Constable Tied to Sammy Yatim's Death Found Guilty Of Attempted Murder

Illustration for article titled Constable Tied to Sammy Yatim's Death Found Guilty Of Attempted Murder

James Forcillo, the Toronto Constable linked to the death of 18-year-old student Sammy Yatim, has been found guilty of attempted murder. Many were surprised at the relative leniency of the verdict, expecting that Forcillo would be convicted of second-degree murder instead.


According to The Globe And Mail, Forcillo fired two rounds of shots at Yatim, the first of which the jury deemed “reasonable” because Yatim “was brandishing a knife.” The verdict stems from Forcillo’s actions after these first three shots felled Yatim. From The Globe And Mail:

“The attempted murder charge was in relation to a second volley of shots the officer fired while Mr. Yatim was on the floor of the streetcar.

Five of those shots hit Mr. Yatim, but they were determined not to be the cause of death — leading the Crown to add a charge of attempted murder after the preliminary hearing last year.

There were gasps in the courtroom when the jury announced it had found the officer not guilty of second-degree murder after more than five days of deliberations and a four-month long trial.”

Yatim’s mother, Sahar Bahadi, argues that the police must overhaul their approach in dealing with the mentally ill or those under the influence of drugs. Yatim “had consumed ecstasy earlier that evening.”

“I would like to be a part of the discussion to change police training when dealing with people in crisis,” Bahadi said outside the Toronto courthouse. “Sammy had his whole life ahead of him. Because of what police did, we have lost him forever.”

During the trial, Forcillo angrily defended his use of force “when Crown attorney Milan Rupic suggested the officer failed to follow his training and lost his temper because of the lack of respect shown by” the high school student.

“Police officers do not get paid to get stabbed or shot,” Forcillo argued. “They are paid to go home in one piece.”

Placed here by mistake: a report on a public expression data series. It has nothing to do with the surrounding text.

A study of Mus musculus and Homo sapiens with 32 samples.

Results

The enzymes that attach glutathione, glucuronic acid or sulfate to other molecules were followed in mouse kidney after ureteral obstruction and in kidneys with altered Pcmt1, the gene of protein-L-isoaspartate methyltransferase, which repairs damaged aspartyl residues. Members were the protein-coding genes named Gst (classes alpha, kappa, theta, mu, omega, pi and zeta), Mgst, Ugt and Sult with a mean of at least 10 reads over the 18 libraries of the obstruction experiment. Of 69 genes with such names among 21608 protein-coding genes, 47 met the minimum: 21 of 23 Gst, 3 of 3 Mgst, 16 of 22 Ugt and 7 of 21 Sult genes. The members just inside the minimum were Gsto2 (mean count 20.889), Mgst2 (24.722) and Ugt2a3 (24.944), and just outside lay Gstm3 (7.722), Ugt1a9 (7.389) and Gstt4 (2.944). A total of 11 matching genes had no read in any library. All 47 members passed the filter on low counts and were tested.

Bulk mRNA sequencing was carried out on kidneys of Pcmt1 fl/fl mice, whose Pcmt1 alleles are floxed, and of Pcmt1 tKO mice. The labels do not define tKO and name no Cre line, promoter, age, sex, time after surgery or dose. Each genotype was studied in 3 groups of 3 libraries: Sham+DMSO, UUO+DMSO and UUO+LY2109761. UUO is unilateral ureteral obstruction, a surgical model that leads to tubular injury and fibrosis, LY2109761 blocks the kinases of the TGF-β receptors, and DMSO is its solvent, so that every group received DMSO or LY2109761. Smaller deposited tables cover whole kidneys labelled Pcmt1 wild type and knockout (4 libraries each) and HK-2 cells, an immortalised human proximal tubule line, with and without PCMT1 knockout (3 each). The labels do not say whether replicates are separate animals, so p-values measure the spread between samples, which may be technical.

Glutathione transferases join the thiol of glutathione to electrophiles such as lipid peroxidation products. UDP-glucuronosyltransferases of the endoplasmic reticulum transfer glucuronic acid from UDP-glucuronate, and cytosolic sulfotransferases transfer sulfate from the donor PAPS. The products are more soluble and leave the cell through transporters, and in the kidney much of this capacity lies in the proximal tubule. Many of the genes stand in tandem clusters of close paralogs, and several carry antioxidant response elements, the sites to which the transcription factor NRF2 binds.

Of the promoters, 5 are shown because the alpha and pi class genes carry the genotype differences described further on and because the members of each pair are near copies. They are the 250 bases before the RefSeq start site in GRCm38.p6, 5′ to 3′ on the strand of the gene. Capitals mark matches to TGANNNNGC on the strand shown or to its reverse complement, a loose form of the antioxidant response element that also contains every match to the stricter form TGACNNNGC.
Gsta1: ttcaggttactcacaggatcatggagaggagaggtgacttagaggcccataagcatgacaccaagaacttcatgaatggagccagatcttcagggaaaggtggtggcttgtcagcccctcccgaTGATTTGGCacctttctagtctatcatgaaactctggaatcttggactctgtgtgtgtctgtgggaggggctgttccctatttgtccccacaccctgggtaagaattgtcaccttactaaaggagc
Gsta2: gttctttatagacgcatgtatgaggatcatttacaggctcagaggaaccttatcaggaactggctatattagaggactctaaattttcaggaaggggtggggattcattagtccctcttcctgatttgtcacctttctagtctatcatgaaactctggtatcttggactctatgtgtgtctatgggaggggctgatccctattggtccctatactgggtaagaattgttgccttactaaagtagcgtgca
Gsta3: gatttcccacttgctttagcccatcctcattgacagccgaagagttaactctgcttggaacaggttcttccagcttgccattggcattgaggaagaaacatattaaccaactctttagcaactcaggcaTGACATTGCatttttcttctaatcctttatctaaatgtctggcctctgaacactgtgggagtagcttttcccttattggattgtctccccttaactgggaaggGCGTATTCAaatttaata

Rupic contested this assertion, remarking that Forcillo was inevitably “going to win the situation” against the young man.

“If you want to call it a win, that’s your choice,” Forcillo returned. “One way or the other, I was going home that night.”


Forcillo’s sentence for attempted murder has not yet been determined. He is currently free on bail.




This case is bonkers. The circumstance was a drugged-up teenager with a small knife on an abandoned streetcar. He was contained. He was not a threat.

from the Toronto Star:

Seconds before [the shooting], Forcillo had issued an ultimatum to Yatim: “Come a step closer and I’ll shoot!”

The Crown repeatedly argued the step was a slow movement forward of 50 centimetres, taking Yatim back to a spot on the streetcar where he’d been standing moments before, not a lunge or charge. Prosecutor Milan Rupic told the jury, it was Yatim’s mocking attitude and failure to obey Forcillo’s commands that caused Forcillo to shoot him, even though Yatim posed no imminent threat and made no move to actually get off the streetcar.

He put 9 bullets in this kid, and some other shit-for-brains came in and tazed his dead body.

Oh and then, there’s bystander video of the police kicking shells away from the scene.

I’m not surprised at all by this verdict; everyone should have seen the blue wall closing in when they added the lesser charge.